The "Western White House" -- the term for George W. Bush's Texas ranch and other homes used by Presidents Reagan and Nixon -- is well known. But how about the "Pacific Pentagon?" 

Some Beltway observers and military insiders believe Defense Secretary Leon Panetta's California home could even be called "The Panettagon," due to his frequent trips there.

Panetta has made the cross-continental flight from D.C. to Monterey five weekends since being sworn in at the Pentagon on July 1. 

Panetta's predecessor, Robert Gates, has a home in the Pacific Northwest, which he rarely visited during his five-year tenure spanning three wars. Unlike most defense secretaries, Gates lived on a military installation in Washington, D.C., where he paid rent. 

Some in Washington are questioning whether Panetta is taking a less "hands-on" approach to his new job. Panetta's flights to California were first reported by the Los Angeles Times. 

George Little, a spokesman for Panetta, points out that the secretary informed the White House of his plans to fly home frequently before he agreed to the job. He did the same thing while head of the Central Intelligence Agency. 

"Secretary Panetta has followed government regulations to the letter, works around the clock all week long, and stays in constant touch with the department. If someone thinks he's out of touch because he's away from Washington, they're wrong," Little told Fox News.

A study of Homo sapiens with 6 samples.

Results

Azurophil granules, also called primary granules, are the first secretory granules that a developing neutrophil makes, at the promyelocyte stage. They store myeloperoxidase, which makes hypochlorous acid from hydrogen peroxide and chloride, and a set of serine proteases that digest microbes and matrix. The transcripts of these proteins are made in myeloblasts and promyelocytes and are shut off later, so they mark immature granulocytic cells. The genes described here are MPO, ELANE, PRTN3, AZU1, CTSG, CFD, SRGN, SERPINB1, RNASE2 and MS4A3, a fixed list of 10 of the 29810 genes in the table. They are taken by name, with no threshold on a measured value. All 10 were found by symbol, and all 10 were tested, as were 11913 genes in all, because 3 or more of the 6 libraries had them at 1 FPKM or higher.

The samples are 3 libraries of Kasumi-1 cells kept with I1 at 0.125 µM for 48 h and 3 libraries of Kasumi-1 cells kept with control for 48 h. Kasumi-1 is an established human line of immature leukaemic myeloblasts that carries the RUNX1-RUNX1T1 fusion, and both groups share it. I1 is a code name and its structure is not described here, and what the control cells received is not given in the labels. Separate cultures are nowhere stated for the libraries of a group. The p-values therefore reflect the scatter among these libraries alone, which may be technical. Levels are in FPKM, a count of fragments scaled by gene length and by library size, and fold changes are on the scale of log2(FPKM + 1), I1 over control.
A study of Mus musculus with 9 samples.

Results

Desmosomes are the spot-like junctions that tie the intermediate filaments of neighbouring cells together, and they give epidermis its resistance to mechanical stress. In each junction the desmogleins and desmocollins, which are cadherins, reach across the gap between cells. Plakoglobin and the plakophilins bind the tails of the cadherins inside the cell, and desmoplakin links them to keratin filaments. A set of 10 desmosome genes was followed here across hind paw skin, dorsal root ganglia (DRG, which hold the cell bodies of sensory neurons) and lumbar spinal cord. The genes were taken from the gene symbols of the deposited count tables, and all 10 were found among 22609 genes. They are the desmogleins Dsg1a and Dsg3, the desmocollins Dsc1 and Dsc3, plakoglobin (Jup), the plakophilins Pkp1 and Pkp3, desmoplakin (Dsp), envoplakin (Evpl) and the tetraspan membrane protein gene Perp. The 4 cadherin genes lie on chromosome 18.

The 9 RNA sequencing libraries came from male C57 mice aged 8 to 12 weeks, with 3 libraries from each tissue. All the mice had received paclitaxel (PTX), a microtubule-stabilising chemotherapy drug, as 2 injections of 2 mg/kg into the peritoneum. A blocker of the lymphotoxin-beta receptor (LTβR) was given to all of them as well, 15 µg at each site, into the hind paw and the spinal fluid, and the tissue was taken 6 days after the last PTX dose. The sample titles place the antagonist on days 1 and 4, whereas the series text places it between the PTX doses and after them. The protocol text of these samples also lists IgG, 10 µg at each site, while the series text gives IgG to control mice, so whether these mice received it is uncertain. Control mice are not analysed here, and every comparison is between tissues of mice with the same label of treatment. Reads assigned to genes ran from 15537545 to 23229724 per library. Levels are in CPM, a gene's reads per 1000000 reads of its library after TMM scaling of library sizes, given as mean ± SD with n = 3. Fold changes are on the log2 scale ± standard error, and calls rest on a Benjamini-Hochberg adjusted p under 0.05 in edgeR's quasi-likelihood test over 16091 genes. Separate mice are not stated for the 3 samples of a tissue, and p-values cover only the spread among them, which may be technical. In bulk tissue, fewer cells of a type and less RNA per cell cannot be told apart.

Little also pointed to the secretary's accomplishments while in California. 

"He approved DoD support to states affected by Hurricane Irene, and he was heavily involved in dealing with the Chinook helicopter crash in Afghanistan last month," Little said. "He's been available, too, for last-minute phone calls with the president and his national security team." 

Little says whatever workload Panetta faces, "California is his home and where his family lives." 

Just the same as with any member of Congress, Panetta is made to reimburse the U.S. government for the cost of an equivalent coach fare for every personal flight he takes. But Panetta doesn't fly coach. When he's not flying for business in the Defense Department's customized Boeing E-4B, Panetta travels the country in a government Lear jet at a cost of $3,200 per flight hour. 

At least some Republicans in Washington don't think Panetta will be able to keep up his current travel pace. 

"The late summer in Washington is a poor indication of the workload Secretary Panetta will face," a Republican aide told Fox News. "There won't be a lot of chances for him to slip away during the weekend."